Mayor Michael Bloomberg (c.) visited Z NYC in Long Island City, owned by Henry Zilberman (third from r.), where he celebrated the increased amount of hotels and visitors coming to the city. Photo by Christina Santucci
TimesLedger Newspapers

Surrounded by a spectacular rooftop view of Manhattan, Mayor Michael Bloomberg touted the increase in hotels in Long Island City and elsewhere in the five boroughs during a visit to Z NYC at 11th Street and 43rd Avenue, saying the tourism industry has earned the city $31 billion.

“New York has become the edgy city,” Bloomberg said. “We’re the place where things are happening.”

The mayor’s office said that by the end of 2011, the city will have an unprecedented 90,000 hotel rooms. Of the new hotels, which have an added 24 percent more rooms to the city since 2006, about 40 percent have opened in the outer boroughs. His office said the growth in hotels is a reflection of how the city’s tourism industry attracts 48.8 million visitors a year, $31 billion and employs thousands, with 323,000 people being employed in tourism-related industries as of September.

“The marketplace will tell you,” Bloomberg said. “That’s the wonderful thing about capitalism.”

Most hotels also have an occupancy rate of about 85 percent, Bloomberg said.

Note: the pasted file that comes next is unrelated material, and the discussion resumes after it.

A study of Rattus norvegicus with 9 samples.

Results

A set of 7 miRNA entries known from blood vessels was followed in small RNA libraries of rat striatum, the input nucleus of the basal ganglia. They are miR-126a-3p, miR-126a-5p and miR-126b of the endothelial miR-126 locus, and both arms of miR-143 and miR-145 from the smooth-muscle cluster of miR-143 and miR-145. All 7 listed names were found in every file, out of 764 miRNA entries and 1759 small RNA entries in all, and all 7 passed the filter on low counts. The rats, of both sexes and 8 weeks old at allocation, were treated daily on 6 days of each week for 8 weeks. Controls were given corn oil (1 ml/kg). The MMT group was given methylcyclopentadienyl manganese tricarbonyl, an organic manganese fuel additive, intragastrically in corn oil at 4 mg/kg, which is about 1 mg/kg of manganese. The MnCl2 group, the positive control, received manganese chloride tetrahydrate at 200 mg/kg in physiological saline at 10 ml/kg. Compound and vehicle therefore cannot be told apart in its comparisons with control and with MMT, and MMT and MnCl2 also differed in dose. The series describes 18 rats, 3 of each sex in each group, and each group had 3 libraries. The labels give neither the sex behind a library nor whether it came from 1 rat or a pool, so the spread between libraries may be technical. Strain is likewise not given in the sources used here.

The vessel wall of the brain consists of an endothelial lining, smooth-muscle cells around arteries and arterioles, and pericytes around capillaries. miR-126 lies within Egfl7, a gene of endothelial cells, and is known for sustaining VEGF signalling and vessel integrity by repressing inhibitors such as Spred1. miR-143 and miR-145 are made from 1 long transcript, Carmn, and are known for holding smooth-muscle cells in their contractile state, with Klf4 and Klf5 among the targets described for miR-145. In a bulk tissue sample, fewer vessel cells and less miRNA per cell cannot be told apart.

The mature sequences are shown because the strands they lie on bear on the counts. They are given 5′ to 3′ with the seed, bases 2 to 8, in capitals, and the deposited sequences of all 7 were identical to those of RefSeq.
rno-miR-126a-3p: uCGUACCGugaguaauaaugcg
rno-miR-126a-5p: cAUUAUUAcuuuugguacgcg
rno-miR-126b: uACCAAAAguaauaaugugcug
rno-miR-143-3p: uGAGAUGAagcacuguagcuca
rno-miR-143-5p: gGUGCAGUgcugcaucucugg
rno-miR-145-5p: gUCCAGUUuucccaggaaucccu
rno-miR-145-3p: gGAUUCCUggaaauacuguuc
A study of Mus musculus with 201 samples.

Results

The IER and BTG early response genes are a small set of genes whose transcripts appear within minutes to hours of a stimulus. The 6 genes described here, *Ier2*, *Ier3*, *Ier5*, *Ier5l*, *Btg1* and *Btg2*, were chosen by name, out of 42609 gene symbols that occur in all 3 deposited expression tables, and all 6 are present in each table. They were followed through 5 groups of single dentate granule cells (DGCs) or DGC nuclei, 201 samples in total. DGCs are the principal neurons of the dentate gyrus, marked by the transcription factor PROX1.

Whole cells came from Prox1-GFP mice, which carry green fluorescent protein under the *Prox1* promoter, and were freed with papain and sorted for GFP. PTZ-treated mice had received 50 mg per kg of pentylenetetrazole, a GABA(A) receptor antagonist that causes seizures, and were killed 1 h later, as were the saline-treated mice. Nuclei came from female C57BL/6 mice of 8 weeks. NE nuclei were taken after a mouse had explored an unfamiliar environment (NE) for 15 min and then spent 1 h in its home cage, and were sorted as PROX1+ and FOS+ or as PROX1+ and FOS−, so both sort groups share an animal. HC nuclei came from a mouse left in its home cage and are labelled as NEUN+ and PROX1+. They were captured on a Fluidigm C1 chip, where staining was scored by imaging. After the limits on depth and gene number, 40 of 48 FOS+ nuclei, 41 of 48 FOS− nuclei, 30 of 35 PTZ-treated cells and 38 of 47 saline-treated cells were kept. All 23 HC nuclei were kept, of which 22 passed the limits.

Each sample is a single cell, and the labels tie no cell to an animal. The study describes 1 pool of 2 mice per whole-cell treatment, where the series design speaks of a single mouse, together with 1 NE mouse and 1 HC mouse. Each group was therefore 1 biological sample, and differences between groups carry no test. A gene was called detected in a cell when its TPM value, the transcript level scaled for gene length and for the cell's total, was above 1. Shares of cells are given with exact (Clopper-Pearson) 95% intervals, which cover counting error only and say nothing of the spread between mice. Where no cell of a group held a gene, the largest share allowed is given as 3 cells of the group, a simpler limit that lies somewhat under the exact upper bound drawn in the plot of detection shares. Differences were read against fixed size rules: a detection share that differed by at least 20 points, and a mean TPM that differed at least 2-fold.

Long Island City, which has been a hotbed of development in Queens, has 17 hotels alone and with five more to come, the office said.

“It’s a great sign that Long Island City is desirable to come to,” state Sen. Michael Gianaris (D-Astoria) said.

Henry Zilberman, owner of the 100-unit Z NYC, pointed to the skyline that could be seen from the roof of his hotel, saying he chose to build in Long Island City due to its proximity to Manhattan.

“I don’t have to convince you that it’s the best place to be,” Zilberman said.

George Fertitta, chief executive officer of the city’s marketing and tourism organization NYC & Co., said some 9.7 million international tourists visit the city every year.

“When people from around the world come, they know people in New York,” Bloomberg said. “And where do they live? They live in Queens most of the time.”

Yet even with the major foreign interest in Queens, Bloomberg said the large number of hotels coming to Long Island City would have been inconceivable years ago.

“In all four directions, you see a city that is booming,” he said.

Fertitta said in a statement that Long Island City is becoming a popular tourist site in its own right. In addition to its proximity to Manhattan, the neighborhood also has various museums, art centers and movie studios.

“With its wide range of affordable hotel options, great cultural attractions, thriving restaurant scene and seamless public transportation to Midtown, visitors are finding it to be an ideal NYC destination,” he said.

Reach reporter Rebecca Henely by e-mail at rhenely@cnglocal.com or by phone at 718-260-4564.